Review: When a Stranger Knocks at the Airlock

Review: When a Stranger Knocks at the Airlock

Inside their white-walled home on the surface of a hostile planet, Alma and Baya have only each other for company.

They are grown women in a worsening crisis, rationing their food and unable to go outdoors, yet their utilitarian pod has the coziness of a permanent slumber party. Alma is bossy, Baya is ebullient, and somehow they are comfy together.

Then a shadow appears outside: a stranger, who will die without their help.

“Should we let it in?” Baya asks, softhearted and curious.

“Are you insane?” Alma says.

“But it’s human,” Baya argues.

“All the more reason why not,” Alma says.

Edward Einhorn’s prismatic new sci-fi play “Alma Baya,” at A.R.T./New York, can be viewed as a metaphor for any number of current catastrophes, the pandemic and climate change among them. But when I saw it the other night, hours after Afghanistan fell to the Taliban, as the news filled with images of desperate people thronging the Kabul airport in hope of escape, that was the disaster foremost in my mind.

“It could be you,” Baya tells Alma, as the stranger knocks. “In another circumstance.”

“But it’s not,” Alma says, dismissively.

Beyond each other, Alma and Baya have never known another human being. They are variants — more in the “Loki” sense than the coronavirus sense, but feel free to choose your metaphor — whose lives on their airless planet are an experiment in survival for the benefit of the faraway society that placed them there, in their pod, with instruction manuals that tell them how to live.

Directed by Einhorn for his Untitled Theater Company #61, and performed with two alternating casts as a pandemic precaution (I saw the occasionally underpolished Cast A), “Alma Baya” is the bleak, humor-flecked tale of what happens when Baya lets the stranger in.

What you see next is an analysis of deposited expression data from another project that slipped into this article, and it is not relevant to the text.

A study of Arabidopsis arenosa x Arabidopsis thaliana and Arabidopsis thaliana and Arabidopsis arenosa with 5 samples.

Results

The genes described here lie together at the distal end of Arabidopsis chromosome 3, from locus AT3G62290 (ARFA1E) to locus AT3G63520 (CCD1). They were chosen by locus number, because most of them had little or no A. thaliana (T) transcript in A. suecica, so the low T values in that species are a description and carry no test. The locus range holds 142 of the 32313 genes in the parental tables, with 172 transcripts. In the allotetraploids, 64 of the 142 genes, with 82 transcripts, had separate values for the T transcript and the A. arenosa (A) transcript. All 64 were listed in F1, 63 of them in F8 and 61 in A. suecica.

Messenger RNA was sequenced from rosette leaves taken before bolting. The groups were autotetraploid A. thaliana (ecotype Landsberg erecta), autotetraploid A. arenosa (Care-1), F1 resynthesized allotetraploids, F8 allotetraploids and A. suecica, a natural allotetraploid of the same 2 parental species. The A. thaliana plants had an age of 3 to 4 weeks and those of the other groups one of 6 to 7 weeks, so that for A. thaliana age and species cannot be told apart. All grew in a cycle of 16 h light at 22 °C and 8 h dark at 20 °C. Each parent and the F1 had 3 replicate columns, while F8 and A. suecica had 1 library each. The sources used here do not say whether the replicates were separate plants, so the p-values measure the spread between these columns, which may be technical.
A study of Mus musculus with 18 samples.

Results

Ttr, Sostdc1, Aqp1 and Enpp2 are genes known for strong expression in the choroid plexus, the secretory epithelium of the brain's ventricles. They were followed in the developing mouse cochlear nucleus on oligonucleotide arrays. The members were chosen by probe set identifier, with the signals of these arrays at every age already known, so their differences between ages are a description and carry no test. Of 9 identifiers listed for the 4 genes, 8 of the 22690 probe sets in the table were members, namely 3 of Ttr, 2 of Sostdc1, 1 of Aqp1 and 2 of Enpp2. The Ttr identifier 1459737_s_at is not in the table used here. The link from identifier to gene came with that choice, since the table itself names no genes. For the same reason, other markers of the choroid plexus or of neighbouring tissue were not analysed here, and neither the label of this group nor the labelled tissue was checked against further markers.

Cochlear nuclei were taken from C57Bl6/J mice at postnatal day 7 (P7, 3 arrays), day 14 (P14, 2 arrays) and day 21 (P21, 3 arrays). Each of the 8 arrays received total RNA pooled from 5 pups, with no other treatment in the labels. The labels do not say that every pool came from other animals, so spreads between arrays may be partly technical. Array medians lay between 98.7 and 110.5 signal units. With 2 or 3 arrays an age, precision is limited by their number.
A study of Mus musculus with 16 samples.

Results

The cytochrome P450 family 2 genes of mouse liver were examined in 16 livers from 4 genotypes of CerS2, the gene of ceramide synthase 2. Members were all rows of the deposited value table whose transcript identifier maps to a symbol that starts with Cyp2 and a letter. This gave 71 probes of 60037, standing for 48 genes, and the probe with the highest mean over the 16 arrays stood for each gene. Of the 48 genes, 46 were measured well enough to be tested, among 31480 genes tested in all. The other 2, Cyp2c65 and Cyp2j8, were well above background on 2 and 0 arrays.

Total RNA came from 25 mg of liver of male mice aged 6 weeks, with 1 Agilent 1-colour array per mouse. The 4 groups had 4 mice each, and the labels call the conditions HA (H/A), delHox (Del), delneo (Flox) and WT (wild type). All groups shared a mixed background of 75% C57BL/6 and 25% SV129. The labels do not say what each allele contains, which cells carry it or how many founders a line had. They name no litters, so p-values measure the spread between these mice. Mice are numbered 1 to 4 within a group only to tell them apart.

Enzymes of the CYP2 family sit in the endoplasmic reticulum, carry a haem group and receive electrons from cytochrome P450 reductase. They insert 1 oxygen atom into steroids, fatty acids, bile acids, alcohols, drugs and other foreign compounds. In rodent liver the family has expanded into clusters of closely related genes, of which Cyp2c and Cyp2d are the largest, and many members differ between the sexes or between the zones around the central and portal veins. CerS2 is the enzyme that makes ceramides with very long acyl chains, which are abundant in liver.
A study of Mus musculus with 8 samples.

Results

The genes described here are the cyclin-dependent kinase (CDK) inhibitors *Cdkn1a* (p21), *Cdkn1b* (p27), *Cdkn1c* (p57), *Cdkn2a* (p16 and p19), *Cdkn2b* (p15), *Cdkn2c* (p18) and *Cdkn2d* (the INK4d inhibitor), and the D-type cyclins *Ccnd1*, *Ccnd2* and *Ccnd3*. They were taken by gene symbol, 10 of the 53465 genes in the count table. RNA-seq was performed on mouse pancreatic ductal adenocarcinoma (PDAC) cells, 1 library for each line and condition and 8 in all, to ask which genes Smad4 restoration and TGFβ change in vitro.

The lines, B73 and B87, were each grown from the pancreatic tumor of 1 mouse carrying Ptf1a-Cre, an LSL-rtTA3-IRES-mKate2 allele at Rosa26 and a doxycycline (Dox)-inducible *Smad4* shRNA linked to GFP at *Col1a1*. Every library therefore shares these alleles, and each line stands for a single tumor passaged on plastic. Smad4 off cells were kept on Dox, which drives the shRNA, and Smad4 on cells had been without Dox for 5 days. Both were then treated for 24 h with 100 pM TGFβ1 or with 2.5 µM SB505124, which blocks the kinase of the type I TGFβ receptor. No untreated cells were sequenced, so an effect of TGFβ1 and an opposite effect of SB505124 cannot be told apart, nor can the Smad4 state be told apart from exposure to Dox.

It’s a furtive, middle-of-the-night move, but it’s hopeful, too — because what if this wild-haired woman, rasping for a drink of water, can help them survive?

She is, after all, wearing exactly the kind of oxygenated suit that Alma (Ann Marie Yoo) and Baya (Sheleah Harris, the cast’s winsome standout) will need if they are ever to go outside again and tend their crops, which they abandoned months ago when their own suits broke. And the stranger (Rivera Reese) claims to have a green thumb.

There is a sense of playfulness to that bubbleheaded suit (costumes are by Ramona Ponce), but Mike Mroch’s set looks considerably cheaper in person than it does in photos, even under flattering lighting by Federico Restrepo. This production is also available on demand, though, and I wonder if the scenic design is tailored more to the cameras than to the eyes in the room.

Alma and Baya, in their little pod, live according to the dictates of their sacred books, the instruction manuals — though they have confidently, comically misinterpreted a significant piece of advice contained therein. Grimmer is their assumption, challenged by the stranger, that everyone gets the same operating instructions, and that cruelty is OK if you can find a line of text that tells you so.

“Alma Baya,” then, is a sci-fi meditation, set in a world plagued by human problems that eternally replicate — because survival is a brutal business, and selfishness is one of our dominant traits.

Alma Baya
Through Aug. 28 at A.R.T./New York’s Jeffrey and Paula Gural Theater, Manhattan; on-demand through Sept. 19; Running time: 1 hour 15 minutes.